As a vendor offering technology and support on top of something that is already free in the open source community, like other vendors in this model, we use the terms "mission-critical" and "business-critical" to describe our products. This helps people figure out which edition of our commercial product is suited for their needs. Yet when you ask a developer if the system or application they are building is "mission-critical" or "business-critical", the typical answer is - "HUH?"
So here are some examples to help define these terms.
- Mission-critical application in your personal life:
- Electricity: if you've ever experienced a black out for more than 30 minutes, you realize that without electricity, your entire way of being shuts down. You can't get on with life without it because you can't cook without your microwave, you can't heat your home, you can't watch TV, you can't use your computer, and you can't even turn on a light to read a book. You basically would be completely frozen and unable to do the things you need to do.
- Sample customer: large company powering financial transactions
- This customer is in the business of providing technology and services to enable financial transactions for banks, brokers, dealers, and investment managers. They have built a successful business around being the "man behind the man" for all the every day financial transactions that you rely upon. Imagine if you tried to transfer money, sell a stock, or buy a mutual fund and you were told that you couldn't because the systems were down. Clearly not acceptable. This customer, rightfully so, considers their system to be mission-critical to the daily operations and success of their business. Without it, they wouldn't have a business.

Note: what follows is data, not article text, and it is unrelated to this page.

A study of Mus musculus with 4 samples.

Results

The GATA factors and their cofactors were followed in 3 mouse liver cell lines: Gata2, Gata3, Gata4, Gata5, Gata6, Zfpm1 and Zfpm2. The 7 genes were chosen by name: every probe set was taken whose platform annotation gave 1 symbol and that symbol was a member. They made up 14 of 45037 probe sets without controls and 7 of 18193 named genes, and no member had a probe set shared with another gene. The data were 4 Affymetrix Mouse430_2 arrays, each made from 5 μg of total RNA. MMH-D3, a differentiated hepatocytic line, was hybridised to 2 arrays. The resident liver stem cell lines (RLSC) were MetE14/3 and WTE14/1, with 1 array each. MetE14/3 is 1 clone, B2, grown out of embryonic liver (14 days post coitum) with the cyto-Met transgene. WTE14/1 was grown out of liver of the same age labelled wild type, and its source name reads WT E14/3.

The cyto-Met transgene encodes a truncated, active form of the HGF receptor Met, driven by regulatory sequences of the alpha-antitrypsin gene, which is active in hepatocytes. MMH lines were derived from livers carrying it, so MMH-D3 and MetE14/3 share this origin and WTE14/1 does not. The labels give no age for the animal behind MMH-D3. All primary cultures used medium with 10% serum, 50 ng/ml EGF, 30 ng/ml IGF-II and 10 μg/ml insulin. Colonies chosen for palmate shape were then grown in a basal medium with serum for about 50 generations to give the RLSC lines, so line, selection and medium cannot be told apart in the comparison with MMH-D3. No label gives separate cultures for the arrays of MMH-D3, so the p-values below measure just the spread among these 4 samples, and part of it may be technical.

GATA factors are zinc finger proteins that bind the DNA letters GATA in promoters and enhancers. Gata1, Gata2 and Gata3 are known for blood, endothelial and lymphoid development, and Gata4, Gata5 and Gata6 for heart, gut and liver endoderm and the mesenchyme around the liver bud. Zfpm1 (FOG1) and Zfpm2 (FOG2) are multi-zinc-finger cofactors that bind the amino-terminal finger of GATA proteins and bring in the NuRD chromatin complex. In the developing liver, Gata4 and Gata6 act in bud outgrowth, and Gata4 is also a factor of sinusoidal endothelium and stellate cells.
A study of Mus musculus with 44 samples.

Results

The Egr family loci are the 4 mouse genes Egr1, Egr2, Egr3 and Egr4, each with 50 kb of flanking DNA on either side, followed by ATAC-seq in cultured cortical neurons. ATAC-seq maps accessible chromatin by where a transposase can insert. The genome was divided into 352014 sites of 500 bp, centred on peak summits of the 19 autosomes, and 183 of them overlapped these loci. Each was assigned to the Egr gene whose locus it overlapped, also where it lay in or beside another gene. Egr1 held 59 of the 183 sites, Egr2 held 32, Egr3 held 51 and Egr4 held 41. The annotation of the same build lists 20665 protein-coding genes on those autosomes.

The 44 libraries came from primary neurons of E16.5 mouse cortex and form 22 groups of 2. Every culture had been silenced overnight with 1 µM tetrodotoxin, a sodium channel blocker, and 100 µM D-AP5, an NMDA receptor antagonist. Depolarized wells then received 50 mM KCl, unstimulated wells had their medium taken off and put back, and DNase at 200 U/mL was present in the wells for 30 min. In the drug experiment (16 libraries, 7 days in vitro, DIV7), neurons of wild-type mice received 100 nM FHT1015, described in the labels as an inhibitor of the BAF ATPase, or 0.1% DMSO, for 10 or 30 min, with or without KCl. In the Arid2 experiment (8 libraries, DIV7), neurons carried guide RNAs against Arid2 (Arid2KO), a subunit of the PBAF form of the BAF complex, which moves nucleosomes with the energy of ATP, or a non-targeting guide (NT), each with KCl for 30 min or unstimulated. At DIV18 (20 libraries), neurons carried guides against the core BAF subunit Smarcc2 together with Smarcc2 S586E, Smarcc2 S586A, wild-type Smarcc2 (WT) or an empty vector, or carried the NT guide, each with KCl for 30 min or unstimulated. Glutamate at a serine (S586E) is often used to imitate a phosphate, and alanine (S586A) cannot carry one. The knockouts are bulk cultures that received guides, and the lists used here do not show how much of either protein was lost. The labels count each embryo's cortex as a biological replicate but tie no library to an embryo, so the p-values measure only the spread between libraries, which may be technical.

- Business-critical application in your personal life:
- iPhone or BlackBerry: OK, some will argue that this is now a mission-critical application because without it, you can't get your email, phone, text messages, or maps to get anywhere. And we start twitching if we're without it for a few hours. But really, at the end of the day - your life could go on for a few hours, or God forbid, a few days without it. You'd stumble and grumble about it being painful and slow, but you'd work something out without it.
- Sample business scenario: Business Intelligence/Reports
- A Business Intelligence application is a perfect example of something that is business-critical, but not mission-critical. On a daily basis, managers and executives need access to various reports to check the status and performance of their business units. However, if the system goes down for a few hours or a day or so, it's not the end of the world. The data is usually available elsewhere, or they can continue to do their job sufficiently without it for a little while. But within a couple of days, to manage and accelerate their business - they need the application and data back up and running.
Is your application "Electricity" or the "iPhone/BlackBerry" in someone's world?
So what kind of applications are you building using open source dynamic languages? If your system is the "electricity" to someone (paying customers) or the "iPhone/BlackBerry" in their world - shouldn't you be worried about ensuring your systems are up? If you want to transfer those worries to someone else - talk to us.
Other Blogs by Bart Copeland
I've always believed that tech companies only last in the market by listening to their customers. You can get carried away and add the coolest technology to your product, but if it doesn't provide real business value to the customer, it's useless. Based on discussions with our customers, their focus is on building a solid foundation. They want the cloud technologies they choose to be supported by a robust ecosystem, but at the same time be flexible enough to take advantage of whatever new technology emerges in the market. Here are the four common themes we've been hearing...
Over the last couple of years I have talked to numerous enterprise customers, analysts, industry pundits, and others interested in cloud technologies, and one thing is abundantly clear…Platform-as-a-Service (PaaS) seems to mean different things to different people. But the term PaaS is irrelevant--it's just noise. What is relevant, and what is important, is what PaaS does: enable applications! That's what enterprises care about. They want to accelerate application development to get products to market faster and into users' hands sooner.